Most of the political news coverage that I’ve heard recently has been on the presidential race and what each candidate says about each and every topic, including science. The impending sequestration may have a larger effect on science and science budgets than who gets elected in November if sequestration takes effect in January 2013.
When President Obama signed a stop-gap measure last August to raise the debt-ceiling, the law required Congress to agree on a budget deal that achieves $1.2 trillion in deficit reduction by January 2013. If such a bill isn’t passed by January 2, then automatic cuts across defense and discretionary domestic spending will be made. According to a report published by the Office of Management and Budget and as covered by both Science magazine and the Atlantic, the sequestration would mean that all science budgets will see an automatic cut (~8.2%) in funding across the board in January 2013 if Congress is unable to agree on a plan to cut the federal deficit. What does that amount to? A list from the Science article summarizes the amounts:
- At the National Institutes of Health (NIH), authorized spending would drop by more than $2.5 billion, to about $28.3 billion, according to the report.
- The National Science Foundation would see a $586 million cut to its overall budget authority, which currently is $7.14 billion.
- A $400 million reduction would reduce the budget of the U.S. Department of Energy’s Office of Science to about $4.5 billion.
- NASA’s science programs would drop by $417 million to about $4.7 billion, and its Exploration account would fall by $309 million to about $3.5 billion.
- The Environmental Protection Agency’s science and technology account would see a $65 million cut to about $730 million.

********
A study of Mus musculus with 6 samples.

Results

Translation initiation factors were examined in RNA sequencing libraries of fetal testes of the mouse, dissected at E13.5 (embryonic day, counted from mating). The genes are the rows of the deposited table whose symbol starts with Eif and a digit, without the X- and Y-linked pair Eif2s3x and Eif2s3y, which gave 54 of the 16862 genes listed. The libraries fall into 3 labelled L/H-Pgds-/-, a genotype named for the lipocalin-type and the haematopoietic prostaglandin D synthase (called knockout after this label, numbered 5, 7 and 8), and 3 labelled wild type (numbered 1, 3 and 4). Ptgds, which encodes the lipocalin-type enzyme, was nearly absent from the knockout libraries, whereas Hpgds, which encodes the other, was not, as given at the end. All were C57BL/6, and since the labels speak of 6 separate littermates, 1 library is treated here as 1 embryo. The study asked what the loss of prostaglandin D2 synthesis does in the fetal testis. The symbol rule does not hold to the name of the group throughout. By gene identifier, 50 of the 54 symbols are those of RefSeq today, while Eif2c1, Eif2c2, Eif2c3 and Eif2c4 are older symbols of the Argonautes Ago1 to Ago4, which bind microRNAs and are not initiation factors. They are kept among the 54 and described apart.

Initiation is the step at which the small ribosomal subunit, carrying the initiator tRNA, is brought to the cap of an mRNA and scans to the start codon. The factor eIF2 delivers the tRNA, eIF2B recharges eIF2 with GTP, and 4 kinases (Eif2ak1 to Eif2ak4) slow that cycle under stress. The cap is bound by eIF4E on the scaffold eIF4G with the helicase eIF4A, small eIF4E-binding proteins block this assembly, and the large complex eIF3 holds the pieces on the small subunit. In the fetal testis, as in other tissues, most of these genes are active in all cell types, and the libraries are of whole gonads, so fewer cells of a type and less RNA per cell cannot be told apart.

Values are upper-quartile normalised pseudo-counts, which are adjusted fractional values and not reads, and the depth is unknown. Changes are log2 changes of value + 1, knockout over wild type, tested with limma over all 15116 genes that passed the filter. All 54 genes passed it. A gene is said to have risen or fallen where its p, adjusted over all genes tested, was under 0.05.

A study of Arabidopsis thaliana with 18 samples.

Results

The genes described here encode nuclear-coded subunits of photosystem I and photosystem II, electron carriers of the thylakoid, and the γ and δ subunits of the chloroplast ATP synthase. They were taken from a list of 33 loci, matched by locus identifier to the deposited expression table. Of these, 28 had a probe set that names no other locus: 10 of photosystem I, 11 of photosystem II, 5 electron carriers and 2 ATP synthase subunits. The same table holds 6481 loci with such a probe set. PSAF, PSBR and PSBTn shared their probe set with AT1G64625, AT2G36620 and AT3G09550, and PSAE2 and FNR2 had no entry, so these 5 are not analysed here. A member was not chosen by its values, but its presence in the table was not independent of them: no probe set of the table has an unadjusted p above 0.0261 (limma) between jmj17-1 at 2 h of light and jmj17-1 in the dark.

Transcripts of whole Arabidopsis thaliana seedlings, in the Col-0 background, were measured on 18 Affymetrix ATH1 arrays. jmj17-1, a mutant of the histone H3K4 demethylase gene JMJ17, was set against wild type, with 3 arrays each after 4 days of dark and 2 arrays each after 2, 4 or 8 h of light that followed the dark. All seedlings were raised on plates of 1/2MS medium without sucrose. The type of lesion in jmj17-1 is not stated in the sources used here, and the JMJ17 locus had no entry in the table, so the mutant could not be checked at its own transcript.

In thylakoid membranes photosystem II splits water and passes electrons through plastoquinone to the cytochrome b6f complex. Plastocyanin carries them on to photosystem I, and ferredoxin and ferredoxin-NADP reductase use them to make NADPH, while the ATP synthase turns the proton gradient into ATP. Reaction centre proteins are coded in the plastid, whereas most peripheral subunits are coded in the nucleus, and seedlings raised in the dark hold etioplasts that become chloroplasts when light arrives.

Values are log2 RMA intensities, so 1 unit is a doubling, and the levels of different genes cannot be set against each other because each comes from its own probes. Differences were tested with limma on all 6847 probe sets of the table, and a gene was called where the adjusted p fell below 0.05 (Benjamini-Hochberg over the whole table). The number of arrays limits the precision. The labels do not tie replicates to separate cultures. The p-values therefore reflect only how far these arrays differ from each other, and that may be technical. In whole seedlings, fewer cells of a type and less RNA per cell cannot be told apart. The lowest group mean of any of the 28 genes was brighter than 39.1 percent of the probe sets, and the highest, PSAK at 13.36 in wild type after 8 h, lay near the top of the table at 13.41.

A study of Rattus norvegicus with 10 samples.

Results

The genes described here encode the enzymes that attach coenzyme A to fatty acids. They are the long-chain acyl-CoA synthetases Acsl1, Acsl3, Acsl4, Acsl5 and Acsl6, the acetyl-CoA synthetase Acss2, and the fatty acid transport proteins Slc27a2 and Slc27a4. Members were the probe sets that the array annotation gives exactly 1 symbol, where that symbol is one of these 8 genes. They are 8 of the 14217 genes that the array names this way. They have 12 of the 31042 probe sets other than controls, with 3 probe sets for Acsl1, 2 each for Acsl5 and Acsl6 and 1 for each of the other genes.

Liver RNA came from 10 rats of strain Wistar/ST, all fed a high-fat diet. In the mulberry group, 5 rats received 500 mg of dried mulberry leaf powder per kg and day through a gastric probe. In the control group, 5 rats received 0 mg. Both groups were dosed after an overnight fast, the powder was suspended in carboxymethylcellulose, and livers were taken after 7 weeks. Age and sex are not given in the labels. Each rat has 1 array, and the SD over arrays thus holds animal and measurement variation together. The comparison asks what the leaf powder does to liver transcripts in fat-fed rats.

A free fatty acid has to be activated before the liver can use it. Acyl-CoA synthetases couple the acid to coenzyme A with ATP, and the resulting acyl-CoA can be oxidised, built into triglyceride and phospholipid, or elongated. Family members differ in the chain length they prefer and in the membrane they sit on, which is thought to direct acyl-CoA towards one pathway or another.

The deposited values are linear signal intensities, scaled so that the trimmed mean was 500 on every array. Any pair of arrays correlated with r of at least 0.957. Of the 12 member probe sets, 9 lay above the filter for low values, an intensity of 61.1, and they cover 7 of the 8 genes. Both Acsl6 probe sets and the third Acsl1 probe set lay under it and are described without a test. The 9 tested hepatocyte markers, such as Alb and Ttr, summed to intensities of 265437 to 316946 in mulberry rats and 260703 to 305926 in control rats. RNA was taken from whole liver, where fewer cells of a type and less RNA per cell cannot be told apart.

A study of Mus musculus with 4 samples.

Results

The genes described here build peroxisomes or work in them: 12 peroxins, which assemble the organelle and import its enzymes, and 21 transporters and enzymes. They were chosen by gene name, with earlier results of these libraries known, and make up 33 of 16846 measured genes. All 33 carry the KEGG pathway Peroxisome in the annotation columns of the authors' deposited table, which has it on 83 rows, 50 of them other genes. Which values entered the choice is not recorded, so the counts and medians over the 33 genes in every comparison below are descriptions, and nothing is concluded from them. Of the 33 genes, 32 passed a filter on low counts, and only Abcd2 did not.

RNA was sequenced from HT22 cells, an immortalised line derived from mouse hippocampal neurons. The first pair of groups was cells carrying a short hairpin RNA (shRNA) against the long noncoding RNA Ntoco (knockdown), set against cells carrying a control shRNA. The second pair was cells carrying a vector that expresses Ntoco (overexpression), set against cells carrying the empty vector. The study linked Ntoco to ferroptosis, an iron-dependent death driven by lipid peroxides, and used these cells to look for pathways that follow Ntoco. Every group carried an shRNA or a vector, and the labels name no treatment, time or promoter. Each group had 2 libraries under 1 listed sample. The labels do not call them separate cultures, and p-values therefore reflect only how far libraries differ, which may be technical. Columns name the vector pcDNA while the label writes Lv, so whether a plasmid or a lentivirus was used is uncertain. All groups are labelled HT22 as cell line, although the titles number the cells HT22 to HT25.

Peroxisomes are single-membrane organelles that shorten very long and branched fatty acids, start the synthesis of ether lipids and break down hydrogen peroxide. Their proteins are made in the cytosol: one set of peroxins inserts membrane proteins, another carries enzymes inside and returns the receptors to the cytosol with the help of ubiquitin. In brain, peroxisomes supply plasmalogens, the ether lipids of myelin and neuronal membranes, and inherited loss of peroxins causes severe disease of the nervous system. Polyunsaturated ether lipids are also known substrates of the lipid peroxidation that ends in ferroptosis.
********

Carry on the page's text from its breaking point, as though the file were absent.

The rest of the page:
- The National Oceanic and Atmospheric Administration’s research, operations, and facilities account would drop $257 million to about $2.9 billion.
- The U.S. Geological Survey would get an $88 million cut to about $1 billion.
- The cuts would be somewhat deeper—9.4%—for defense research programs.
As the White House report explains, “The specter of harmful across-the-board cuts to defense and nondefense programs was intended to drive both sides to compromise. The sequestration itself was never intended to be implemented. The Administration strongly believes that sequestration is a bad policy, and that Congress can and should take action to avoid it by passing a comprehensive and balanced deficit reduction package.”
There are plans to push back the impending sequestration, such as the continuing resolution “Continuing Appropriations Resolution, 2013″, H. J. Res. 117. It passed the House on September 13 and now moves to the Senate floor. The resolution allows most federal departments and programs to operate at a 0.612% increase over the FY2012 budget until March 2013. Either way the FY2013 starts October 1, so if a bill isn’t passed by then, programs will have to operate not knowing how much funding they will receive for their projects.